Text and painting by Nancy Eder, a member of Get Your Wordworth
Céret is a rambling, magical town in the foothills of the Pyrenees. It has been my special privilege to have spent the past three summers there swimming in the quiet, green sea, gazing over the dark purple mountains speckled with grey olive trees, drinking in hot sun that saturates the red earth and lights up each blade of grass.
The rooftop terrace of my sister’s home in this little paradise makes the stars accessible in the cool August evenings. . . brings the Milky Way close enough to touch the roof tiles and welcomes the swoop of the swallows as they dip and glide across our view.
The house itself at 11 Avenue d’Espagne originally served as the electric company for the town when it was built at the end of the 19th century. Like many buildings in Céret, the house has a skin of yellow cement covering its thick stone walls. Large French windows serve as picture frames for the mountains, the vermillion tile rooftops and the deep cerulean blue sky. The house was here when the likes of Picasso, Dufy, Braque, and Soutine walked the streets and discussed painting and politics over glasses of wine in the local cafes.
A short climb across the street and up the hill exposes the couvent des capucins. Surrounded by pine and cypress, this convent was the subject of every painter who gazed on its bell tower in the late 1890s. It is visualized by all the many painters who have sketched the lavender hillsides and camped out in Ceret throughout the years. It is pictured in Brune’s majestic landscapes painted from the views afforded by his mountain home. It is memorialized with Soutine’s wild fauvist colors and frantically mad brush strokes.
Chaim Soutine spent two years in this village on his sojourn from Paris, traipsed through its streets, climbed the verdant mountains and recorded its distinctive landscapes. Posters of his paintings are strategically positioned on the local sites where Soutine painted the vistas beyond. Jagged brushstrokes and contortionist swaths of color sweep his canvases emblazoned with thick blacks, reds and ochres capturing what is still the pictorial truth of Céret today.
As a teenager, I admired Soutine. Today I marvel at his emotional intensity even as it was fueled by alcohol and despair. His ability to capture the essence of the wind in the poplars, the striking beauty of the ragged rooftops, the splendor of the deep green trees as they tumble down the hillsides. . . . still eludes my capabilities. But I have discovered recently that I, too, am an artist.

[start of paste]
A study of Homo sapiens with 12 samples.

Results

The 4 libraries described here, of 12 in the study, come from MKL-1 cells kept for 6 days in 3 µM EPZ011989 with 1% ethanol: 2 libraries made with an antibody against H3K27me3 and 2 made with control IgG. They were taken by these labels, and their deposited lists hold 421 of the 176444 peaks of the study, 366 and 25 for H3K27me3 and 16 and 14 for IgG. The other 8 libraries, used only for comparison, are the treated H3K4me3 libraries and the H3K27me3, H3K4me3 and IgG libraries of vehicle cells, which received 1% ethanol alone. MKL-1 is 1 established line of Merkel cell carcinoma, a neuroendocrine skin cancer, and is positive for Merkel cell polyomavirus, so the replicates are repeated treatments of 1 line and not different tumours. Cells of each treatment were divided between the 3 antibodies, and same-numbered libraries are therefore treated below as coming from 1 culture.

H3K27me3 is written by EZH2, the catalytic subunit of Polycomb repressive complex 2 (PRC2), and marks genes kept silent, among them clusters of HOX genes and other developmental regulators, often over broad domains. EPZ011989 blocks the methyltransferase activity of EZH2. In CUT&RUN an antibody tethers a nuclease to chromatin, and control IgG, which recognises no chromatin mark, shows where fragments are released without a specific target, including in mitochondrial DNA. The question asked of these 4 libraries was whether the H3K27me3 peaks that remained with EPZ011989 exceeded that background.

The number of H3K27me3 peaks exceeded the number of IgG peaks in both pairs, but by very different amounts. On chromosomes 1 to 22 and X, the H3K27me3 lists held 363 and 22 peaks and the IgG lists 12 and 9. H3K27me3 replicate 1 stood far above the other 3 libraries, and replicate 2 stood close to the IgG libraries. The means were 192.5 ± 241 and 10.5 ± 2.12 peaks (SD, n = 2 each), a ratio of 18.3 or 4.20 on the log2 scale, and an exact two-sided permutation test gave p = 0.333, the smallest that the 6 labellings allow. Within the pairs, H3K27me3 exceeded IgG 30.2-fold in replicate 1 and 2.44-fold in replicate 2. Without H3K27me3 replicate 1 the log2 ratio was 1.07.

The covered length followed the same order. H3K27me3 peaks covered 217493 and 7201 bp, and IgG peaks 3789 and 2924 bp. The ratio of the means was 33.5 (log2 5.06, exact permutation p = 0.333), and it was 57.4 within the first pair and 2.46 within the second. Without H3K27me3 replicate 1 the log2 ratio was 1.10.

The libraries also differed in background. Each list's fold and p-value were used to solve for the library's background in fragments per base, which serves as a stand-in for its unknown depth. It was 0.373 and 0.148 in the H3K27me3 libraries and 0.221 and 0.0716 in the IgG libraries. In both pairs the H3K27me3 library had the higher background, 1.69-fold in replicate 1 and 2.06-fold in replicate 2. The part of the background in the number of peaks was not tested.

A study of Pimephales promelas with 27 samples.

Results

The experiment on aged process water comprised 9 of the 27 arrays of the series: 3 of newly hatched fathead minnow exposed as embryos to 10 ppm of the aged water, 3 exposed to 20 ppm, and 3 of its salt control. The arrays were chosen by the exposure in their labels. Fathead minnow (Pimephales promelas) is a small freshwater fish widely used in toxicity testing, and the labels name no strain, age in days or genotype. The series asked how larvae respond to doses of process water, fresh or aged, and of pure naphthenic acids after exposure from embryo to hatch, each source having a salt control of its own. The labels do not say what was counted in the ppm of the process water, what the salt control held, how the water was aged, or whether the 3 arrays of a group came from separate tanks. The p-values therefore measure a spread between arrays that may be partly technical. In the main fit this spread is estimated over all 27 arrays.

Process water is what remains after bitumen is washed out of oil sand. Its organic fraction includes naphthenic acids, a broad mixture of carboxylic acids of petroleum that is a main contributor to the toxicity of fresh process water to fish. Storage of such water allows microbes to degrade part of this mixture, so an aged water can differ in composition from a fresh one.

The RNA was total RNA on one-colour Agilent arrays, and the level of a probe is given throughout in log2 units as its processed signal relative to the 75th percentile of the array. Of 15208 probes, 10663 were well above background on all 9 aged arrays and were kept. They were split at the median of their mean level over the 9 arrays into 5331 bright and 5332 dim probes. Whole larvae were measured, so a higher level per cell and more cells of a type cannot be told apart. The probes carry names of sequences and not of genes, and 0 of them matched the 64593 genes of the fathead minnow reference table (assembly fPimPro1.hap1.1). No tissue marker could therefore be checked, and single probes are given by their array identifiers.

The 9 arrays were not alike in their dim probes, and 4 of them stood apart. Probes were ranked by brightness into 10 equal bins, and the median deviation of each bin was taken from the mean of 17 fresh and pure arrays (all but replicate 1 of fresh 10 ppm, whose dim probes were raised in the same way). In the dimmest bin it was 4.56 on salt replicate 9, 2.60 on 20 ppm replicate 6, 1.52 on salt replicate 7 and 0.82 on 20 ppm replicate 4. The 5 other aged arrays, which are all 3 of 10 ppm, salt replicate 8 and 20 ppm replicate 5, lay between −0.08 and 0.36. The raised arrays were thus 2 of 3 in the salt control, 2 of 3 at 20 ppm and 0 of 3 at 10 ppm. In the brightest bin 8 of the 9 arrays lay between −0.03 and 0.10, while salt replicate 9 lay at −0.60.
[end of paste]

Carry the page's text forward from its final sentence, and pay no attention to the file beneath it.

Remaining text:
This year is definitely a milestone, as I celebrate my 75th birthday. I’ve lived longer than my loving father and almost as long as my beloved grandmother who died at seventy-nine. I’ve arrived at a time in my life that I recall thinking would never really come: entry into old age. But I still don’t experience “old.” I still don’t feel or act my age.
I’ve spent the summers walking in the footsteps of Soutine. I, too, am painting the fields of grapes and fig trees – carrying my drawing paper through the same cobbled streets, seeking to capture the essence of the huge plane trees which soar over the crowded Saturday market. I try, with a modicum of inner satisfaction, to grasp the wind on the beach and the intensity of color and light on the rocky hillsides of my paintings.
Gouache, a form of water color allowing for a wide range of application and contrast, has been my favored medium. This summer has been a threshold period for painting intensely with more clarity and more confidence.
Finished paintings in piles tumble from chairs and tables. Paintings waiting for my signature are scattered on the bed as I sort through the best of them. My bedroom walls are covered in sketches of gnarled old trees, sandy deserted beaches, and medieval castles. Clothes pins still clutch two almost finished sketches on the old wooden dresser: snapshots of Céret’s black cotton clouds creeping heavily over the hillsides as a rainstorm approaches, while another is boldly singing the praises of crimson tomatoes heavy on the vine. Fifty-two paintings of summer in Céret are selected.
I know that now I’m ready to have an exhibition.